Divorce and polygamy are on the rise in Syria, the Associated Press reports, with hundreds of thousands of Syrian men having been killed, exiled or simply disappearing during the conflict.
Since the uprising began in 2011, 470,000 Syrian nationals lost their lives, due directly or indirectly to the crisis, according to the Syrian Centre for Policy Research. The death toll equates to a staggering 11.5% of the country’s total population and thousands more, "particularly male breadwinners", have been injured, arrested or kidnapped. Faced with grave financial hardship following the loss the familial income provider, the women left behind are increasingly forced to rely on remarriage as a means of economic survival. However, the conflict has resulted in a dearth of eligible unmarried men.
"There are more women than men", judge Mahmud al-Maarawi told the AFP, "the solution from a legal and religious point of view is polygamy." Official figures state that 30% of marriages registered in Damascus in 2015 were polygamous, up from a mere 5% in 2015.
Polygamy is permitted under the Syrian law of Personal Status, but is subject to a set of strict regulations pertaining to financial capacity and the consent of all parties. These are enforced by religious courts - sharia courts for Sunni and Shia Muslims, madhhabi courts for Druze, and ruhi courts for Christians and Jews. However, tribunals now reportedly bypassing these restrictions in order to ensure that women who have lost their husbands can receive financial protection from a new spouse.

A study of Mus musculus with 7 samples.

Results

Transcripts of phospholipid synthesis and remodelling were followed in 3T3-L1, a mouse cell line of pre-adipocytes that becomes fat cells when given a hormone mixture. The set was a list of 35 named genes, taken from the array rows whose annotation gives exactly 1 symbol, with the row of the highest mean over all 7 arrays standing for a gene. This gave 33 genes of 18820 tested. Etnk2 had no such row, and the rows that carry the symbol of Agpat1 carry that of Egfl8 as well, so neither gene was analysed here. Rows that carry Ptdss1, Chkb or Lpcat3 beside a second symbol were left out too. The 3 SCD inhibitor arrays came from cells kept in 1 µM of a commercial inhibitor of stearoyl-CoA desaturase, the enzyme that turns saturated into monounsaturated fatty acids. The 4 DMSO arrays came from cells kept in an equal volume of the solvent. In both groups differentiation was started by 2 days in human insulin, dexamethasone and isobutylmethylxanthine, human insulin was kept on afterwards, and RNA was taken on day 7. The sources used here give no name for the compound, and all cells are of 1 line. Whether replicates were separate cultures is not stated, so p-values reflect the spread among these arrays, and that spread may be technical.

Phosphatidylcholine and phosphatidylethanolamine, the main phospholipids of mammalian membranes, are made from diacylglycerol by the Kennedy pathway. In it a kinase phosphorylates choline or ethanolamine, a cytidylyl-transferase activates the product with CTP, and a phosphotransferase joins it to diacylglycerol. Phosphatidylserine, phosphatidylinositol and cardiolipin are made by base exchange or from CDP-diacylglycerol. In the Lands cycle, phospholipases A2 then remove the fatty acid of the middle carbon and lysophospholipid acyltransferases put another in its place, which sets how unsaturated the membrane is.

It is not only widows turning to polygamy -divorce rates rose by 25% in Syria between 2010 and 2015. Sabah al-Halabi, a Damascus-based mother of five who wed a married man 24 years her senior, explained to the AFP that her first husband "abandoned" the family "after losing his job". The violence in Syria has had a catastrophic impact on the country’s economy, with unemployment at 52.9% by the end of 2015.
In addition to economic hardship putting strain on relationships, the dilemma of whether to seek asylum in a new country, or remain in a war-torn homeland can also cause marital discord. Mr Maarawi claims that, in his experience, disputes between couples often arise "when one wants to emigrate and the other is afraid of the journey or being far from their family".
The Associate Press attributes the proliferation of divorce and polygamy in Syria to the both the war itself and the effect of the conflict on day-to-day life. Not only are families forcibly separated by the violence, but the economic collapse and social fragmentation of the country can drastically exacerbate existing tensions within a marriage.